Following its recent announcement in the Queen’s Speech the Enterprise and Regulatory Reform Bill (the “Bill”) has now been published. The Bill covers a number of key provisions that, if enacted, would impact upon employment law including:  

  • Mandatory pre-claim Acas conciliation – clauses 7 to 9 of the Bill require prospective claimants to contact Acas prior to commencing tribunal proceedings so that parties can be offered conciliation in an attempt to settle within a prescribed period to avoid the tribunal system and save on costs.  
  • ‘Rapid resolution’ scheme – clause 10 introduces a scheme where parties can consent in writing to appoint a ‘legal officer’ to determine their claim without the need for a hearing. However, this scheme will only be available for simple or low value claims.  
  • Changes to Employment Appeal Tribunal (EAT) composition – the Bill allows for proceedings in the EAT to be heard by a judge sitting alone, unless directed otherwise.  
  • New limit on the compensatory award for unfair dismissal – clause 12 of the Bill gives power to the Secretary of State to limit the compensatory award for unfair dismissal. The new limit could be: (a) a specified amount of between one and three times median annual earnings, based on official figures; (b) a specified number, not less than 52, multiplied by a week's pay of the individual (it is not clear whether an individual's week's pay in this context would be subject to the statutory limit on a week's pay) or (c) the lower of the two.  
  • Financial penalties for employers in breach of employment law – tribunals will have a discretionary power to impose financial penalties on employers of 50% of any financial award where they are found to have breached a claimant’s employment rights and the employer’s breach had “aggravating features”. What constitutes an aggravating feature will be for the tribunal to decide, but such a feature is likely to be found where the employer’s action was deliberate or committed with malice, the employer had a dedicated HR team or the employer committed repeated breaches of the employment right concerned. The penalty would be 50% of any financial award ordered by the tribunal against the losing employer, subject to a minimum of £100 and a maximum of £5,000. If an employer pays 50% of the penalty within 21 days, their liability is discharged.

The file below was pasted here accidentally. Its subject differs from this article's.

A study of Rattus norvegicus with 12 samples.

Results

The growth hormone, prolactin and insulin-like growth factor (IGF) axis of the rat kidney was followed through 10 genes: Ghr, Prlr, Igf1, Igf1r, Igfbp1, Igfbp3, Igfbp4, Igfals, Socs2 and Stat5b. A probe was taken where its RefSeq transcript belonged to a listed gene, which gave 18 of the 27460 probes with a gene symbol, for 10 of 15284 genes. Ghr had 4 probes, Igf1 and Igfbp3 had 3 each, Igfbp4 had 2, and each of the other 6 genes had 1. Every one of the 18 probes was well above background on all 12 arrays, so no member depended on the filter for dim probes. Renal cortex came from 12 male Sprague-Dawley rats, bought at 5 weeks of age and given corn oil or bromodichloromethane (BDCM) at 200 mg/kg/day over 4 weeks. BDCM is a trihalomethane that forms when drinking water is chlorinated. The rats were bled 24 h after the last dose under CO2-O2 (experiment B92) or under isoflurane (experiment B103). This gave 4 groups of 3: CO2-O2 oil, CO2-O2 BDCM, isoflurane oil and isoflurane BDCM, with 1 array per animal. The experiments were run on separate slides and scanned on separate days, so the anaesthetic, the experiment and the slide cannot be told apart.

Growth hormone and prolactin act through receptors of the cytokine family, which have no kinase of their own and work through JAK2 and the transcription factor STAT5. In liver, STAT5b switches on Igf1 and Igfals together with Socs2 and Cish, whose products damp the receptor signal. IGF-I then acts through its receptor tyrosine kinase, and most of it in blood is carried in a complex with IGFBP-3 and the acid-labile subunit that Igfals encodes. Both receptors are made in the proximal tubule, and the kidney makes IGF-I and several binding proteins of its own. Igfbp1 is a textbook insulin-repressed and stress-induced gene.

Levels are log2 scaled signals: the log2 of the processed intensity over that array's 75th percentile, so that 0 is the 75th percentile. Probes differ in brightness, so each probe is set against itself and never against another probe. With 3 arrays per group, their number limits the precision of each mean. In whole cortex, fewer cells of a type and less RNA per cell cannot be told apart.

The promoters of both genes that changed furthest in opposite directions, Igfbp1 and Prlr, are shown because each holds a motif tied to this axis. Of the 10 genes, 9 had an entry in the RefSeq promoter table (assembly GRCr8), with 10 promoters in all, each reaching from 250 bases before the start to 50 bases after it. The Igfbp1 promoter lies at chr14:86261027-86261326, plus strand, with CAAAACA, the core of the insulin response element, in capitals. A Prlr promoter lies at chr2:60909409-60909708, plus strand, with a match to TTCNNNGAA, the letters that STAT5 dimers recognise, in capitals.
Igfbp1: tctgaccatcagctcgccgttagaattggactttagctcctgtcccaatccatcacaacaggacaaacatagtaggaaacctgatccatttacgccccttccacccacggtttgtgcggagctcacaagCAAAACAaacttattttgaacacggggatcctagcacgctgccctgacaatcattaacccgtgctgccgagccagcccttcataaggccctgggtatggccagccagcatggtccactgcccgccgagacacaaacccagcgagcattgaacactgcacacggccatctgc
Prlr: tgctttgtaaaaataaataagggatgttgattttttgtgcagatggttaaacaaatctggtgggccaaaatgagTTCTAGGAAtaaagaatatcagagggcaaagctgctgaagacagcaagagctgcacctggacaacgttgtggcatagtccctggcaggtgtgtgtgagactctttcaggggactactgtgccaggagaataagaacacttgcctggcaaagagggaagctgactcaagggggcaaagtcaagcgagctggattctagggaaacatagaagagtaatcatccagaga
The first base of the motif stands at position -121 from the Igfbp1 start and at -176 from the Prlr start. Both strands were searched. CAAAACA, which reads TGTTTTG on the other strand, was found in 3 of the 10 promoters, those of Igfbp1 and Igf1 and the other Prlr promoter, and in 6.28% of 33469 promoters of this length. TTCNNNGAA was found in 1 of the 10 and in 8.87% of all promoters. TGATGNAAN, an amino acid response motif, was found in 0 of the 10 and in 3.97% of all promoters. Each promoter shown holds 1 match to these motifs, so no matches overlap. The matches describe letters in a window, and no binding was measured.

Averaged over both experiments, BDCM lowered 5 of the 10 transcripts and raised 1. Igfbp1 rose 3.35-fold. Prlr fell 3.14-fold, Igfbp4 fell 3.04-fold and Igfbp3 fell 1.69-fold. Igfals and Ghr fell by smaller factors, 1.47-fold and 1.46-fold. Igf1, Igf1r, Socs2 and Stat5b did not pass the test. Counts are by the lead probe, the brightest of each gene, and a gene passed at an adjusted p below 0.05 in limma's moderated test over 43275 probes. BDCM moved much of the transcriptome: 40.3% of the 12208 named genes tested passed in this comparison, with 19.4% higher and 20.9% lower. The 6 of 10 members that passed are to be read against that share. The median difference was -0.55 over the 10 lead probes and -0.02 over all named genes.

• Public interest’ test for whistleblowing claims – clause 12 of the Bill states that, for a whistleblowing claim under the Employment Rights Act 1996 to succeed, a claimant must show that he or she believed that their disclosure was made in the public interest and their belief was reasonable in the circumstances.  
  • Settlement’ agreements – clause 16 has renamed compromise agreements. These will now be called ‘settlement agreements’, which better reflects their use and content. The latest reading suggests there will be no need for an existing dispute which is required under the ‘without prejudice’ rule.  

Although the Bill is set to make a number of changes to employment law, it is still in draft form and could potentially be amended before becoming law.